Rather than embarking on a “land grab” for broadband customers, Vodafone hopes its UK internet access service will safeguard its position as the biggest mobile operator by revenue market share in the UK.
Vodafone is hoping its £25 a month broadband deal, which also includes a fixed-line phone service, will increase the loyalty of its higher value mobile customers by providing them with more of their communications needs.
The fixed-line phone and broadband deal, called Vodafone At Home, will only be initially available to the company’s customers who have mobile contracts. Such contracts range between £20 and £75 a month.
02, the mobile operator with the biggest number of customers in the UK, is expected to take a similar “defensive” stance to Vodafone’s when it launches its broadband service in the spring. Both companies are offering broadband on the basis it could reduce the number of mobile customers who defect to rivals.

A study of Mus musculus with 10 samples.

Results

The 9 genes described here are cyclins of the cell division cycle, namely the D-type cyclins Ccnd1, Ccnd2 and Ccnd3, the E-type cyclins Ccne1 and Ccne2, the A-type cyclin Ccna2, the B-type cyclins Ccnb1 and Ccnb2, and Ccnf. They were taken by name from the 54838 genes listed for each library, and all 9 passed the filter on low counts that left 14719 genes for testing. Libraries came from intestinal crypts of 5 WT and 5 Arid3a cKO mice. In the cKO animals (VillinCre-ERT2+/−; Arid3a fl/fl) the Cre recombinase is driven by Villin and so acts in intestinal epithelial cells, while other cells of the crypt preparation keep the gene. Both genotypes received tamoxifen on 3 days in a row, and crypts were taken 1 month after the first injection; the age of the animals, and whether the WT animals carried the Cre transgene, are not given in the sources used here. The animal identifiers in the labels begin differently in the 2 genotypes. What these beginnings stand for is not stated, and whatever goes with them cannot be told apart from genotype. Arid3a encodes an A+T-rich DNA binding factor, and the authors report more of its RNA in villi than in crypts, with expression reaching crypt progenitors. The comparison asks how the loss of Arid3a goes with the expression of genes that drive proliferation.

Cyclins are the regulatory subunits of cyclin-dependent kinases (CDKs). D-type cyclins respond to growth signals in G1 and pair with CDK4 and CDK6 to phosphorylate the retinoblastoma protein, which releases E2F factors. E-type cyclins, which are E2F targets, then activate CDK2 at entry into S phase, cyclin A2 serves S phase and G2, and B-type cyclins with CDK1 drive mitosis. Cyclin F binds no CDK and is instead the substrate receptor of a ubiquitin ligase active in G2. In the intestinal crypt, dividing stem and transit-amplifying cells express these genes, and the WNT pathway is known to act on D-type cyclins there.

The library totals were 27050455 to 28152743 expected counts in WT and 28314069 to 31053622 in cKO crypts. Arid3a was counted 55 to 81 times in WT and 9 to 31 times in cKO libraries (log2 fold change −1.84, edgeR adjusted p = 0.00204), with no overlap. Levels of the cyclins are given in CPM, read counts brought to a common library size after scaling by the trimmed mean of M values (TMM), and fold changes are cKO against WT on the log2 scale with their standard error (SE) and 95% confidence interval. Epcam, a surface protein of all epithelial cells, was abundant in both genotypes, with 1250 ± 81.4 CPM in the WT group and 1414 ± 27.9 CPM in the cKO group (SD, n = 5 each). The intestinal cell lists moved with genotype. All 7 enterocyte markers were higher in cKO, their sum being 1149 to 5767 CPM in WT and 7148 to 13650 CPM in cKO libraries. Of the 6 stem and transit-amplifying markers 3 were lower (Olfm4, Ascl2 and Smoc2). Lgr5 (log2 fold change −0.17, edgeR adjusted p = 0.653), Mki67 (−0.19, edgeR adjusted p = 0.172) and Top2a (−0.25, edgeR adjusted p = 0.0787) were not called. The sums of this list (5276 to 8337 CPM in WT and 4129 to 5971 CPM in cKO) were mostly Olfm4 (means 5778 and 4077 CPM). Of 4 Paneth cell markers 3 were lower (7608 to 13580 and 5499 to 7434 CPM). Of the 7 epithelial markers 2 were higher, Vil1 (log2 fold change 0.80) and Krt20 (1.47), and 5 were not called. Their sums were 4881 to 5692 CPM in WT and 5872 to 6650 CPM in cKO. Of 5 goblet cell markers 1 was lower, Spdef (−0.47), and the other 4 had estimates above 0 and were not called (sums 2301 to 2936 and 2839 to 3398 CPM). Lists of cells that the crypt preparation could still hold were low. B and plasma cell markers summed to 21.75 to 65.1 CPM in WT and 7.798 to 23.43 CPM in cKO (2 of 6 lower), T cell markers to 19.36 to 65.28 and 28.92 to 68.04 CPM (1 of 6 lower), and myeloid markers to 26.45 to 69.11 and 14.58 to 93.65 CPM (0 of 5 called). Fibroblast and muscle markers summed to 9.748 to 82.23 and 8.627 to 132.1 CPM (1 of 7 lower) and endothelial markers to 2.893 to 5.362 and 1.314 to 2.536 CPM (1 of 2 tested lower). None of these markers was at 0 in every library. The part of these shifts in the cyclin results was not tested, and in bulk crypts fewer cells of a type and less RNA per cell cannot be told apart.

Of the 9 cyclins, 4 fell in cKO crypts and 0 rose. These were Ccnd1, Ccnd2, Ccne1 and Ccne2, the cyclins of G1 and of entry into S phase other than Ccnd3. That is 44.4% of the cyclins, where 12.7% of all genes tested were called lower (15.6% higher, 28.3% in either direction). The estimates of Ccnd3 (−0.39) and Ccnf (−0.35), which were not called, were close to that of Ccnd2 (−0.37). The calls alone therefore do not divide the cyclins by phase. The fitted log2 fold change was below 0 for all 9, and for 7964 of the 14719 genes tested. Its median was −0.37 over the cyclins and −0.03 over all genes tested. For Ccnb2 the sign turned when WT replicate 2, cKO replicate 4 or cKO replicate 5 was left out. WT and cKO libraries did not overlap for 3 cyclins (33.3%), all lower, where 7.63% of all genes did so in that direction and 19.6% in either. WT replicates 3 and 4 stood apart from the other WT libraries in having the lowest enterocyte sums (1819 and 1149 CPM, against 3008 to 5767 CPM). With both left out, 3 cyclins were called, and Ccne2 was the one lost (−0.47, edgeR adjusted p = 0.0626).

Their positions contrast with Carphone Warehouse and British Sky Broadcasting, which are seeking to recruit millions of broadband customers with their “free” internet packages.
Orange, another mobile operator, is offering “free” broadband to customers who sign up to mobile contracts worth £30 or more a month.
Vodafone’s fixed-line phone and broadband service has been made possible by it entering into an agreement with BT to use its network infrastructure.
Tim Yates, director of Vodafone’s UK consumer business unit, said: “By working with BT we will be providing a market leading mix of quality, value and service.” The way we’re packaging and delivering Vodafone At Home ensures our customers get the best experience when they buy broadband.
Vodafone hopes its customers will eventually get a single bill for their mobile, fixed line phone and broadband. However, customers will initially get seperate mobile and fixed line bills.